The end of Leg 3 is approaching rapidly, and we have successfully met every goal for this leg of the VISIONS '14 expedition, including some that were not able to be completed during Leg 2. The final Leg 3 objectives were to deploy and connect the Slope Base deep profiler mooring, which was completed on August 23rd. This was a challenging deck operation, due to the depth of the site (2900 meters) and the weight of the mooring line and anchor required to deploy at that depth. However, the engineering team worked day and night, through some adverse conditions, to complete the mooring deployment. That was followed by a ROPOS dive which plugged the mooring into the seafloor network and tested the profiler functionality. It was found to be working perfectly, and so we moved on to accomplishing some additional tasks from later legs of the cruise, in an attempt to save time and money in the event that the weather or some technical issue cut into the available cruise days later in the summer.
We dove on Hydrate Ridge to identify deployment sites for Leg 4, and to look for active methane bubble plumes. We found some exposed gas hydrate (a clathrate, or a form of water ice that forms under high pressure, low temperature, methane-saturated conditions, with a methane molecule trapped within the crystal lattice) and active seeping of methane bubbles in and around Einstein's Grotto. This was important because the grotto is a major instrument deployment site that is within cable range of the low-voltage node at the Southern Hydrate Ridge OOI site.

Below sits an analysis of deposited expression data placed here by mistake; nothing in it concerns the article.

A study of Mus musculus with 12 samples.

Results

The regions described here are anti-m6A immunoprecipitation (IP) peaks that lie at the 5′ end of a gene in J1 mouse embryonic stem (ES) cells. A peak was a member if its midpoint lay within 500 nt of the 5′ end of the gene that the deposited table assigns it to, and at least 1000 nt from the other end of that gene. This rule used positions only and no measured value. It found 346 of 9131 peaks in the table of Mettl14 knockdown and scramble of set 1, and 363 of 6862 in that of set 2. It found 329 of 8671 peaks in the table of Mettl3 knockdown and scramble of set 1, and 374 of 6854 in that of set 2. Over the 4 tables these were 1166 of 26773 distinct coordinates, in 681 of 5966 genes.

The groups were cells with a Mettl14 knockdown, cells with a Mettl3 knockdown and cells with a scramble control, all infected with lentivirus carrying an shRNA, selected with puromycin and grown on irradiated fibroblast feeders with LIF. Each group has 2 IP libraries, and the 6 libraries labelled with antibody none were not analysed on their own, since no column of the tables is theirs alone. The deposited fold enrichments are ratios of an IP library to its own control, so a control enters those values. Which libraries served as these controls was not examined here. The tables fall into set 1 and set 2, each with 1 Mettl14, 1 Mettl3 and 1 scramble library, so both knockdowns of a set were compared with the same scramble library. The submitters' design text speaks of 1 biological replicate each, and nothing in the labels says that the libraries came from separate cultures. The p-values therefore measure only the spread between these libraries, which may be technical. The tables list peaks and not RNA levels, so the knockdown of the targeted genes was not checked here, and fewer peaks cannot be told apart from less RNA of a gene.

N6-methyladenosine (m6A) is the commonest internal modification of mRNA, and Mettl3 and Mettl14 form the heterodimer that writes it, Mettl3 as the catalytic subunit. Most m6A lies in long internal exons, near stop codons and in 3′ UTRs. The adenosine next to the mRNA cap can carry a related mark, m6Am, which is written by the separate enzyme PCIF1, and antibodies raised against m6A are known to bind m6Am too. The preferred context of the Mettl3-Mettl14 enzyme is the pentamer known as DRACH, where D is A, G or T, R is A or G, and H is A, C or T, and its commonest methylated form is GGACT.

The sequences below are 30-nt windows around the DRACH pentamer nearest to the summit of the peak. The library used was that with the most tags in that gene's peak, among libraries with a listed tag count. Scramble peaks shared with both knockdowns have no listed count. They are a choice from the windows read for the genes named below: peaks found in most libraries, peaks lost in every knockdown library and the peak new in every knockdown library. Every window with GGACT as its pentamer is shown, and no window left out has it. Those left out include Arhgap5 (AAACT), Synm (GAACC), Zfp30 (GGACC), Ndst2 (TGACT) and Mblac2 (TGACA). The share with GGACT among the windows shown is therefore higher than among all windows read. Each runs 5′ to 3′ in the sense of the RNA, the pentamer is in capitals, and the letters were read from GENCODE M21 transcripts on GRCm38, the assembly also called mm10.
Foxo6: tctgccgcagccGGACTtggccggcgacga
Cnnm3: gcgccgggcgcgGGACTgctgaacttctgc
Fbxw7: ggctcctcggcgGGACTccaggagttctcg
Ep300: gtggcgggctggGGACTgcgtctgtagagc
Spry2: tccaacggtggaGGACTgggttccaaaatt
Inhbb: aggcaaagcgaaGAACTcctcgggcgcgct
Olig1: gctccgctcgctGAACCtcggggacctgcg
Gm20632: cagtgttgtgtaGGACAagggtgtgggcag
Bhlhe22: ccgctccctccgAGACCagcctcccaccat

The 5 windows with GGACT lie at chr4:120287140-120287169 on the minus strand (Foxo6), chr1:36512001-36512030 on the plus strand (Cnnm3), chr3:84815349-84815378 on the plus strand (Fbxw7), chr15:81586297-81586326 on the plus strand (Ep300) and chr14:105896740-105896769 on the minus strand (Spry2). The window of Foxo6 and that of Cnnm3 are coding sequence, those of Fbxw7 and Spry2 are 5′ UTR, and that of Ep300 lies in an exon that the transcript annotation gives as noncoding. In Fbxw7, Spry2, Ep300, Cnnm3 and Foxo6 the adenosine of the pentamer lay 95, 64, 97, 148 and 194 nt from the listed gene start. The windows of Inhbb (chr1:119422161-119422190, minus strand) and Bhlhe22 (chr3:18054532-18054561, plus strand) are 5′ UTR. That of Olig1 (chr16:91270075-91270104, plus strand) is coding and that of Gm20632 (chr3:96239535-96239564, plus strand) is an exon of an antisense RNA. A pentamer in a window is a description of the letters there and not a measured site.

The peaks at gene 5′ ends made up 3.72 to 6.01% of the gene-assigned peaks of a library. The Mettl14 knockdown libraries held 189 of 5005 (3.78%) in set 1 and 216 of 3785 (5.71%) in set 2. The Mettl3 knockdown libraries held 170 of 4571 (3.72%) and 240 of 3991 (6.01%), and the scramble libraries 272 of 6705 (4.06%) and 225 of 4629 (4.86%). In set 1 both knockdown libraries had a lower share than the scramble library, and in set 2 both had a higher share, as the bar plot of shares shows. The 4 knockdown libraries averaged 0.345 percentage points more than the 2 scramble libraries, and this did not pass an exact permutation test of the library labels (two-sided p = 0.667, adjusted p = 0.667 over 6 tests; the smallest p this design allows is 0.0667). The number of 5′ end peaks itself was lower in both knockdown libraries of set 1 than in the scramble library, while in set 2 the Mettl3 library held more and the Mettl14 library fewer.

We also were able to move into even shallower water (specifically 80 meters, or about 260 feet) and survey the Endurance Oregon Shelf site to make sure that it a) was a suitable deployment site for the medium-powered junction box and science sensors, and b) that there were no hazards to the cable or obstructions that might require removal or a rerouting of infrastructure. The survey found no hazards, and we observed a completely different type of seafloor ecosystem: a sandy bottom, highly productive coastal environment, with many small flatfish and euphausiids (a group that includes krill, small shrimp-like crustaceans), large Metridium anemones, and giant starfish (Pycnopodia, or sunflower sea stars).
We have now completed all cruise activities, as a second dive in this area was precluded by weather (the wind is up above 20 knots and the waves are rising). We'll be back in Newport by morning, with a complete success under our belts. On to Leg 4!